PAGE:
The merged Board of Elections and Ethics Enforcement will continue to perform clerical and administrative tasks necessary to meet all deadlines imposed by all the courts involved in litigation, according to a letter sent to Gov. Roy Cooper.
The state Supreme Court last week struck down a law merging the two agencies — the Board of Elections and the Ethics Commission — which have operated together since April. It sent the case back down to the lower court for a final judgement “not inconsistent” with its decision, which was made along party lines.
In the meantime, the Board will continue to function as it has under the law that was struck down.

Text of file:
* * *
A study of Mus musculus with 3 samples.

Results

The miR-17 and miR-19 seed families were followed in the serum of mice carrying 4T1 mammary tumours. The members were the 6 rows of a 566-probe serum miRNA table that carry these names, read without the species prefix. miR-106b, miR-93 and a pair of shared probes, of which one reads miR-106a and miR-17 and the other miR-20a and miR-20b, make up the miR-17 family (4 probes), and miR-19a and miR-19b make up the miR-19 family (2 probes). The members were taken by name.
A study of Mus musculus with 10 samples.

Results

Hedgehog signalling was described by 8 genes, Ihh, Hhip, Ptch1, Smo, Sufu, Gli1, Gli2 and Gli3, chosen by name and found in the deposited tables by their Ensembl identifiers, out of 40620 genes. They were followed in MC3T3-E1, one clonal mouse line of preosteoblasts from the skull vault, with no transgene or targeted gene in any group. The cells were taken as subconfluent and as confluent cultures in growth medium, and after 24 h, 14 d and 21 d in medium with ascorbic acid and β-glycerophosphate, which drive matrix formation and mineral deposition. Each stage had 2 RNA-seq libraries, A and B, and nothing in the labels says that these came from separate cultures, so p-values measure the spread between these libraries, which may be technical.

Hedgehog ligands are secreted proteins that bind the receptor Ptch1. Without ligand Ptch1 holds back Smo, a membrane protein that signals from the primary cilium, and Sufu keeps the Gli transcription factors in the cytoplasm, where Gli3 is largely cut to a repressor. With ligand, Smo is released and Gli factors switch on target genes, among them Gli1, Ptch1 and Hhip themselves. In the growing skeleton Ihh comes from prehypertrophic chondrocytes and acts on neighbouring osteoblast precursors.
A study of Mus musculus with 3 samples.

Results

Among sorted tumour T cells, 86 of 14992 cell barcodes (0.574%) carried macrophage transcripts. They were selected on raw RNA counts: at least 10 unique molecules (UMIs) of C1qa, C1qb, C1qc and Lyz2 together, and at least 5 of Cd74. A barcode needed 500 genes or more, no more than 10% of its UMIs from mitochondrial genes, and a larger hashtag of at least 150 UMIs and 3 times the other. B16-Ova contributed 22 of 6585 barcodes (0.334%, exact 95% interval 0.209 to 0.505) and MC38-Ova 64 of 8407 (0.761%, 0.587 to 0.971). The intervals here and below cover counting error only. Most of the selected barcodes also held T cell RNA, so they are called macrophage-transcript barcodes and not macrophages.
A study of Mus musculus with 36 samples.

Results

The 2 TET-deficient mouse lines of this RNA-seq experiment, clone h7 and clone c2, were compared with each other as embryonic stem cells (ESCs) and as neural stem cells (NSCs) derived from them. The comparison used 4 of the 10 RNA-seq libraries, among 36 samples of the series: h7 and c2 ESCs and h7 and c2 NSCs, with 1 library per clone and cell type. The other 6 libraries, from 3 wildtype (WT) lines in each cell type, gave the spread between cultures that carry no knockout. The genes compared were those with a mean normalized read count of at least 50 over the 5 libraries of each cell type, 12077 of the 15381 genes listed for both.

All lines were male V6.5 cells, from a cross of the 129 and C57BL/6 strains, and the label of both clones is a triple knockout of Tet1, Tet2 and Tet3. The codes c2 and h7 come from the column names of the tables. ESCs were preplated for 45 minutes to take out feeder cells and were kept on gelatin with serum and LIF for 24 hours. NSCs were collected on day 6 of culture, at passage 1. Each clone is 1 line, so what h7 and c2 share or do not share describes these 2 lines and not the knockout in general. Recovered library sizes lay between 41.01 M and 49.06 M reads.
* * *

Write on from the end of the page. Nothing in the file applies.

Cooper’s attorney, William McKinney, sent a letter Monday reminding the Board that until a final judgement is entered by the lower court (they won’t get the case until Feb. 15), they must “halt all activity relating to, or in support of, the merger of the State Board of Elections and the State Ethics Commission.”
“Moreover, the staff should refrain from taking any substantive action with respect to elections or ethics law policy decisions,” the letter states.
The Board’s attorney, Josh Lawson, replied Wednesday to McKinney’s letter. He enclosed a copy of the current elections schedule (not yet reflecting redistricting or reinstated judicial appellate primaries).
“Operation of day-to-day functions regarding elections, campaign finance, ethics compliance remain ongoing,” Lawson wrote. “The Agency’s civil staff continue in service to our State consistent with Board policies and will undertake no effort to avoid any order effectuating the decision of our Supreme Court.”
You can read both letters in full below.